Sunday night’s matchup at Florida State was going to be a tough task for the Terrapins men’s basketball team no matter the circumstances. The Terps have struggled notoriously on the road under coach Mark Turgeon, and the Terps’ lone win at the Seminoles in the past 10 years came in 2010.

So a loss at the Donald L. Tucker Center wouldn’t be a complete upset.

But it seems logical to say that no one expected the Seminoles to absolutely blitz the Terps like they did Sunday. Behind 66.7 percent shooting from three-point range, Florida State dropped the Terps, 85-61.

There’s still too much time to bury the Terps or even put them on life support, but it’s getting close. Any optimism left after a rocky start to the season could be fading fast.

Combined with the Terps’ 79-59 loss at Pittsburgh six days before, it’s the first time since the 2008-09 season the Terps have dropped back-to-back games by at least 20 points. On Nov. 28, 2008, the Terps fell to No. 9 Gonzaga, 81-59, at the Old Spice Classic in Orlando, Fla. Two days later, No. 21 Georgetown routed the Terps, 75-48. Those losses came after the Terps opened their time in Florida with an 80-62 upset win over No. 5 Michigan State.

The Terps hadn’t suffered back-to-back ACC losses by 20-plus points since Jan. 14 and Jan. 19, 1963, when the Terps dropped a 78-56 matchup at home against North Carolina and a 79-59 contest at N.C. State. The Terps had never lost consecutive ACC road games by 20 points, either.

While Florida State presented a tough task for the Terps in Tallahassee, Fla., the Terps had a feasible opportunity to rebound. Their performance down the stretch against Pitt was atrocious, shooting 28.9 percent in the second half as the Panthers pulled away.

And despite a somewhat sloppy start Sunday, the Terps trailed by only two more than midway through the first half. But that’s where Florida State took off, and that’s where the Terps faltered. The Seminoles’ lead would stretch to as many as 30 down the stretch before settling at its final 24.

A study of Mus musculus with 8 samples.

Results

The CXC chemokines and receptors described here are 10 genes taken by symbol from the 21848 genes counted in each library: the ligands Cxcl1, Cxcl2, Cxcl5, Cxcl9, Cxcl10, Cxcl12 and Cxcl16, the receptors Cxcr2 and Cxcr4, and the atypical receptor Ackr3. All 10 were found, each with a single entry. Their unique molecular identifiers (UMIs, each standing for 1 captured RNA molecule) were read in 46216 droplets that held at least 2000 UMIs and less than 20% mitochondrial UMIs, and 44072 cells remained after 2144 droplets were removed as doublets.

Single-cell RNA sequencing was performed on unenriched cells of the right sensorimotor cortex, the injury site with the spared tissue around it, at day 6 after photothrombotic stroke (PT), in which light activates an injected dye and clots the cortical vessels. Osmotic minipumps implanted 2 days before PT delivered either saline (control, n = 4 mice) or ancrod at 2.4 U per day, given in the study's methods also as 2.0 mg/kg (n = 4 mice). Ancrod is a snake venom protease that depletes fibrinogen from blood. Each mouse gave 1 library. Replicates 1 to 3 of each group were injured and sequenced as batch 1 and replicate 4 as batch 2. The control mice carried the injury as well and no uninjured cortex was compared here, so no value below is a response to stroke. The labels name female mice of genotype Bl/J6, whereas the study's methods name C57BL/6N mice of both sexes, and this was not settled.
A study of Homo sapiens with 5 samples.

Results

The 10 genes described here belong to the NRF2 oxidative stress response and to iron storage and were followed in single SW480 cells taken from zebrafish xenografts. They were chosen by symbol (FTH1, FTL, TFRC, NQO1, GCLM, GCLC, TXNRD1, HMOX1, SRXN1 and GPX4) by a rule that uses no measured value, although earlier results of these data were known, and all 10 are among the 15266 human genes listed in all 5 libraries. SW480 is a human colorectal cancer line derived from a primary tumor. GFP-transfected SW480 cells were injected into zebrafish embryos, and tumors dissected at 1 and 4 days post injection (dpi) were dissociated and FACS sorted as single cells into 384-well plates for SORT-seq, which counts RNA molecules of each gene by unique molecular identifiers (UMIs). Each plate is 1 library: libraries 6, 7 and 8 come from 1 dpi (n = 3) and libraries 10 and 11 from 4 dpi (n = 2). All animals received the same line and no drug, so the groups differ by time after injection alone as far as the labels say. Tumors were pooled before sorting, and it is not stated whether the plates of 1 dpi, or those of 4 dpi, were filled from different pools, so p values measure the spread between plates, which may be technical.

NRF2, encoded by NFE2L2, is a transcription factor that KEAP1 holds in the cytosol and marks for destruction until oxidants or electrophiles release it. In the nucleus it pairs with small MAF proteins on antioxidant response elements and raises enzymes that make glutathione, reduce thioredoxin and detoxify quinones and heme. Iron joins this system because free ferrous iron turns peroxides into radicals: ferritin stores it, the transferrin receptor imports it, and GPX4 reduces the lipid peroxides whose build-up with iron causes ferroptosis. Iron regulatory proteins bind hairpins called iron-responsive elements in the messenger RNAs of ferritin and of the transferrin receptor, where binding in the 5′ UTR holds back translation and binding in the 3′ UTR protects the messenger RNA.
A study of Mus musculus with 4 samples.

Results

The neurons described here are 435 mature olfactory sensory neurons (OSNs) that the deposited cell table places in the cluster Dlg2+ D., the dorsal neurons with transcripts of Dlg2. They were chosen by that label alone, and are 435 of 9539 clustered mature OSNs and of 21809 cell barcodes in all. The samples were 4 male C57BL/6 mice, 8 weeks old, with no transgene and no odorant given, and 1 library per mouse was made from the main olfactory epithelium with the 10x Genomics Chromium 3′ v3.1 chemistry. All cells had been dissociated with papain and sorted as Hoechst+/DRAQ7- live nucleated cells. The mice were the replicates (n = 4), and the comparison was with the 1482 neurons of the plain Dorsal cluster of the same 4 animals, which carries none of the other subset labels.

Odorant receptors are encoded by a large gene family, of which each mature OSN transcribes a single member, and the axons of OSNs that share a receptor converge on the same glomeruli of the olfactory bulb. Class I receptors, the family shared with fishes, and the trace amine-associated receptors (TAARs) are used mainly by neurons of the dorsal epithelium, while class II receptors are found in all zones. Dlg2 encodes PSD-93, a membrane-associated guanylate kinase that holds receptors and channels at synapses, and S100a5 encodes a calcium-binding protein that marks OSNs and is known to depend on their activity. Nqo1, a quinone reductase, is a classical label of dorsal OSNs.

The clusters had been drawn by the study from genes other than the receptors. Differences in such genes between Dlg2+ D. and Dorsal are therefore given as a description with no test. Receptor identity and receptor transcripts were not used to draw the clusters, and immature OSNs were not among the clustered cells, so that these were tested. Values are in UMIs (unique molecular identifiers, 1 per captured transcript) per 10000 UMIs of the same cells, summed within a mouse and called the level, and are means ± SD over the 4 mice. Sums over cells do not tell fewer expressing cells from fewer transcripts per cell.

Now, every team the Terps play isn’t going to shoot almost 40 percentage points better than it does on the average night to break a game wide open. The Terps did muster some positives with their 34 free-throw attempts to Florida State’s 23. And the teams finished tied in the rebounding department with 34.

But there were more than a few concerning trends that carried over from the Pitt loss and beyond, starting with turnovers (15), lack of assists (nine) and three-point shooting (3-of-18).

Forward Evan Smotrycz scored nine points on 3-of-11 shooting Sunday night and was just 1-of-6 from deep. Since the second half of the Pitt game, Smotrycz is 4-of-20 and 2-of-14 from three-point range. One of the Terps’ most consistent performers early on, the Michigan transfer has struggled as of late.

While Smotrycz has struggled, forward Jake Layman has all but disappeared. While the sophomore scored 11 points at Florida State to reach double figures for the first time since Dec. 29 against Tulsa, it was still a quiet 11 points, as he shot 3-of-8 from the field and 0-of-2 from three-point range. Turgeon has remarked that teams have keyed on Layman because of his early season success, but even when Layman was involved Sunday, he appeared tentative, as he was blocked at the rim and missed one wide three-point attempt from the wing.

The inability of Smotrycz and Layman to score consistently and stretch defenses allows opponents to key on the post, which Florida State did to hold the Terps’ bigs to a combined four points. Center Shaquille Cleare and forward Charles Mitchell were invisible yet again.

Even guard Seth Allen, who scored 18 points last Monday, was a nonfactor. The sophomore, in his fifth game back from a broken foot, scored one point and missed all eight of his shots from the field.

All in all, it was a second straight forgettable performance from the Terps.

The Terps return home to Comcast Center on Wednesday to take on a Notre Dame team that, like the rest of the ACC, has endured its share of ups and downs this season. Like it’s too early to count the Terps out of making a postseason run, it’s still too early to ascribe any game with “must-win” status.

But after two weak showings, Wednesday’s game could take on an even greater importance, as the Terps try to stop the bleeding from two road trouncings.